Artificial Intelligence in Academia

Artificial Intelligence in Academia

On March 1, 2024, Queensborough Community College (QCC), LaGuardia Community College (LAGCC), and Queens College hosted the 10th Annual Faculty Development Retreat at the QCC Campus in Queens, New York. This in-person event focused on Artificial Intelligence (AI) in Academia, and offered insights into academic concerns and solutions, and AI literacy for faculty and students.

Read on to learn more about this informative and collaborative event, including information about the panel discussions, links to presentations, learnings and outcomes, and next steps! 


The eventful faculty retreat hosted experienced keynote speakers and panelists to provide a variety of insights and expertise. Click here to review the 2024 Faculty Development Retreat Flyer, or review the Program Overview below:


Dr. Dara Byrne, Dean of William E. Macaulay Honors College (CUNY).

Panelists: Dr. Guozhen An, QCC; Dr. Scott Litroff, QCC; Dr. Lilla Toke, LAGCC; Dr. Sumaya Villanueva, John Jay College of Criminal Justice, Dr. Esma Yildirim, QCC
Moderator: Dr. Forough Ghahramani, NJEdge, Inc.

Dr. Shiang-Kwei Wang, Vice President for Academic Affairs and Provost at Hostos Community College.

Panelists: Dr. Milena Cuellar, LAGCC; Dr. Yusuf Danisman, QCC; Dr. Ruru Rusmin, CUNY SPS, Dr. Rob McAlear, QCC
Moderator: Ms. Florence D. Hudson, Columbia University

Slides & Recordings

Find comprehensive slides and recordings below of the keynote speeches and panel discussions to hear from educators, industry members, and non-profit leaders as they discuss the role of artificial intelligence in academia.

The Difference Machines Make: Faculty & The Future of Collaborative AI 

by Dr. Dara Byrne

Empowering Our Academic Community: Elevating AI Literacy and Integrating GAI Policies into the Syllabi

by Dr. Shiang-Kwei Wang


  • Teach@CUNY AI Toolkit – This toolkit offers guidelines and resources to help instructors support students as we all learn to navigate a world increasingly awash in AI.

  • Teaching with AI – OpenAI released a guide for teachers using ChatGPT in their classroom—including suggested prompts, an explanation of how ChatGPT works and its limitations, the efficacy of AI detectors, and bias.
  • Syllabi Policies for AI Generative Tools – This resource was created for the purposes of sharing and helping other instructors see the range of policies available by other educators to help in the development of their own for navigating AI-Generative Tools.

  • ACUE’s AI Quick Study Series – The AI Quick Study Series features a collection of four high-quality Quick Study courses that equip educators with the foundational knowledge and skills needed to efficiently utilize AI.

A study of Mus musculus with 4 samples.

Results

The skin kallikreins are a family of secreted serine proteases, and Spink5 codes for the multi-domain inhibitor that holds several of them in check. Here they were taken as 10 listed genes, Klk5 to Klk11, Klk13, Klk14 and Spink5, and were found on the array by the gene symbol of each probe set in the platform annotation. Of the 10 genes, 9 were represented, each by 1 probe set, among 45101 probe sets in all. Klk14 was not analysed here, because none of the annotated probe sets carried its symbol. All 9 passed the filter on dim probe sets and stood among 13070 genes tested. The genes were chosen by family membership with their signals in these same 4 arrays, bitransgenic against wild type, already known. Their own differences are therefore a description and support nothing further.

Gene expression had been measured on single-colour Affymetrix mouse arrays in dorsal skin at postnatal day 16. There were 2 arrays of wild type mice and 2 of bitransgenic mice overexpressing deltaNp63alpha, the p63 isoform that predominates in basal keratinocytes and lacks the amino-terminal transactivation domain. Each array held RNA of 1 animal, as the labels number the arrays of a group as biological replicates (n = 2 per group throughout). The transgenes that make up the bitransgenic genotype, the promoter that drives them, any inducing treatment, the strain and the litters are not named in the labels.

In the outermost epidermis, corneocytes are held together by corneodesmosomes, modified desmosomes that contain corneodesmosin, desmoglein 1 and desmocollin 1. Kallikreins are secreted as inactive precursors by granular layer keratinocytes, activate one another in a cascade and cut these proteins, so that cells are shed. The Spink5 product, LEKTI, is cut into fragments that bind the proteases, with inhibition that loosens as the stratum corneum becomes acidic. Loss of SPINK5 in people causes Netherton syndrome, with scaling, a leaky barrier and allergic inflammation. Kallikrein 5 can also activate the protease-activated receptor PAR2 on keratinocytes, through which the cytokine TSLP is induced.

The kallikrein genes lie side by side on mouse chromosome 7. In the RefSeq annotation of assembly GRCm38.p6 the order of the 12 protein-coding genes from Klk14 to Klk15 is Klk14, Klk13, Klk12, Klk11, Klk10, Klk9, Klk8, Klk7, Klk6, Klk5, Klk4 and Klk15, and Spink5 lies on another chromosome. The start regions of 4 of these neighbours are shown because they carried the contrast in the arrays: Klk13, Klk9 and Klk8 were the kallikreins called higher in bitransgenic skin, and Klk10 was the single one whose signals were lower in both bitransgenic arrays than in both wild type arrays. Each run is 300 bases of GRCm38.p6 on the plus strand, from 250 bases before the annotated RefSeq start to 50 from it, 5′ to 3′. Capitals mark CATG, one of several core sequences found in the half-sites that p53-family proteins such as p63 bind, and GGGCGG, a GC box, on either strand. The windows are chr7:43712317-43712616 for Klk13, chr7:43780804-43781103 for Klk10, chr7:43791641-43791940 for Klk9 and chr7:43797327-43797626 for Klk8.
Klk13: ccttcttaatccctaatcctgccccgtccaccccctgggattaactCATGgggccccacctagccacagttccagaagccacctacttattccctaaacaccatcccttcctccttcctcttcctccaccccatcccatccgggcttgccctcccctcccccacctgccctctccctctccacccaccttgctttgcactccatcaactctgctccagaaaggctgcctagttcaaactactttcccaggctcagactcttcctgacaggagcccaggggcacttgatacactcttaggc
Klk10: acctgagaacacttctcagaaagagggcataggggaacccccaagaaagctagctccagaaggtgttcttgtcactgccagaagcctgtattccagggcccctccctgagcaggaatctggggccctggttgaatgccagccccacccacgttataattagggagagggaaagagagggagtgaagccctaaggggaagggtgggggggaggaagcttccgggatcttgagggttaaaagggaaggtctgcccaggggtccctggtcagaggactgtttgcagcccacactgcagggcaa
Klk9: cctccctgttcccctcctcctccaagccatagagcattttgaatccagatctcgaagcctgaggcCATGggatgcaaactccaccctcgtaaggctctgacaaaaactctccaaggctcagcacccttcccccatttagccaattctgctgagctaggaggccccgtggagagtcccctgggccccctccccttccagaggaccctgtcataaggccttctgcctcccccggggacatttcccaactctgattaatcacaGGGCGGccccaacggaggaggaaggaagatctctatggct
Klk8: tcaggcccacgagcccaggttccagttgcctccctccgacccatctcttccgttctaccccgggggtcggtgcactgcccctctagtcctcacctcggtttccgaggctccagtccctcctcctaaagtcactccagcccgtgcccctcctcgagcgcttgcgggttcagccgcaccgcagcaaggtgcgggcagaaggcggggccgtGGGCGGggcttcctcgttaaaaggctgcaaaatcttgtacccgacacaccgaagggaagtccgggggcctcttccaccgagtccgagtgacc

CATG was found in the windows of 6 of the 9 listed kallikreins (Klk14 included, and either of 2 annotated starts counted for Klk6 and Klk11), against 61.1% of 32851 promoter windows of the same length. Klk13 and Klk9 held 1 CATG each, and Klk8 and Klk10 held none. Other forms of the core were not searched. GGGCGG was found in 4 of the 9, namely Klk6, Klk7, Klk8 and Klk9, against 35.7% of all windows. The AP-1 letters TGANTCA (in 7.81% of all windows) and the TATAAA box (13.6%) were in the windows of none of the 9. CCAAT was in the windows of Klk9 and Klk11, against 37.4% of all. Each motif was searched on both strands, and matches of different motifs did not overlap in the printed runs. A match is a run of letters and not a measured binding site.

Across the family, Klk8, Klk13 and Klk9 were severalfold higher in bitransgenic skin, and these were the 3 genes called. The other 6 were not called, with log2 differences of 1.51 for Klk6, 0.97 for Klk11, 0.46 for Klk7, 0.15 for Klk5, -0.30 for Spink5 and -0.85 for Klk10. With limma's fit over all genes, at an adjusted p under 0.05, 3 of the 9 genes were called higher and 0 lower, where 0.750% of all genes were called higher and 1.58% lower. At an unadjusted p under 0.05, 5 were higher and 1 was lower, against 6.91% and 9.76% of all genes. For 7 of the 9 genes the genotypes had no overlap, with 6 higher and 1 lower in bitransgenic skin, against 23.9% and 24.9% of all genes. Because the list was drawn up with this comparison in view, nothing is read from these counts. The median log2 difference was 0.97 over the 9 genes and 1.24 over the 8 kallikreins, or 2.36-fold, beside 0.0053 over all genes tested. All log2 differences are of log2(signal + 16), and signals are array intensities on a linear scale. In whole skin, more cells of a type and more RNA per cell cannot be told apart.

• JobsFirstNYC – As AI rapidly changes workforce and education, JobsFirstNYC pays special attention to policies and practices that ensure young adults can harness these emerging technologies to advance economic mobility, while guarding against potential dangers.

  • WAC Clearinghouse – What do teachers who assign writing need to know about AI text generators? How should we change our pedagogical practices, given the recent advances in AI Large Language Models (LLMs) such as OpenAI’s ChatGPT?

  • Proposal of Usage Guidelines for AI Generative Tools at CU (College Unbound) – These guidelines were created and reviewed by College Unbound students in 2023 with the support of Lance Eaton, Director of Faculty Development & Innovation.

  • Library Lecture Explores Artificial Intelligence in DEI – Explore research findings about AI and communication, and practices to reckon with diversity, equity, inclusion and accessibility (DEIA) and AI.

  • Framing Generative AI in Education with the GenAI Intent and Orientation Model – The proposed model seeks to assist instructors and learners with a framing lens for how GenAI might be useful in educational settings.

Have an additional resource discussing artificial intelligence in academia? Email and we’ll review the recommended resource!



The participants at the Artificial Intelligence in Academia event submitted their input to this word cloud during the discussion. The attendees agreed that the use of artificial intelligence tools should come with a sense of responsibility and can lead to many possibilities and innovations. 

Word cloud diagram of words that come to mind when participants think of Artificial Intelligence.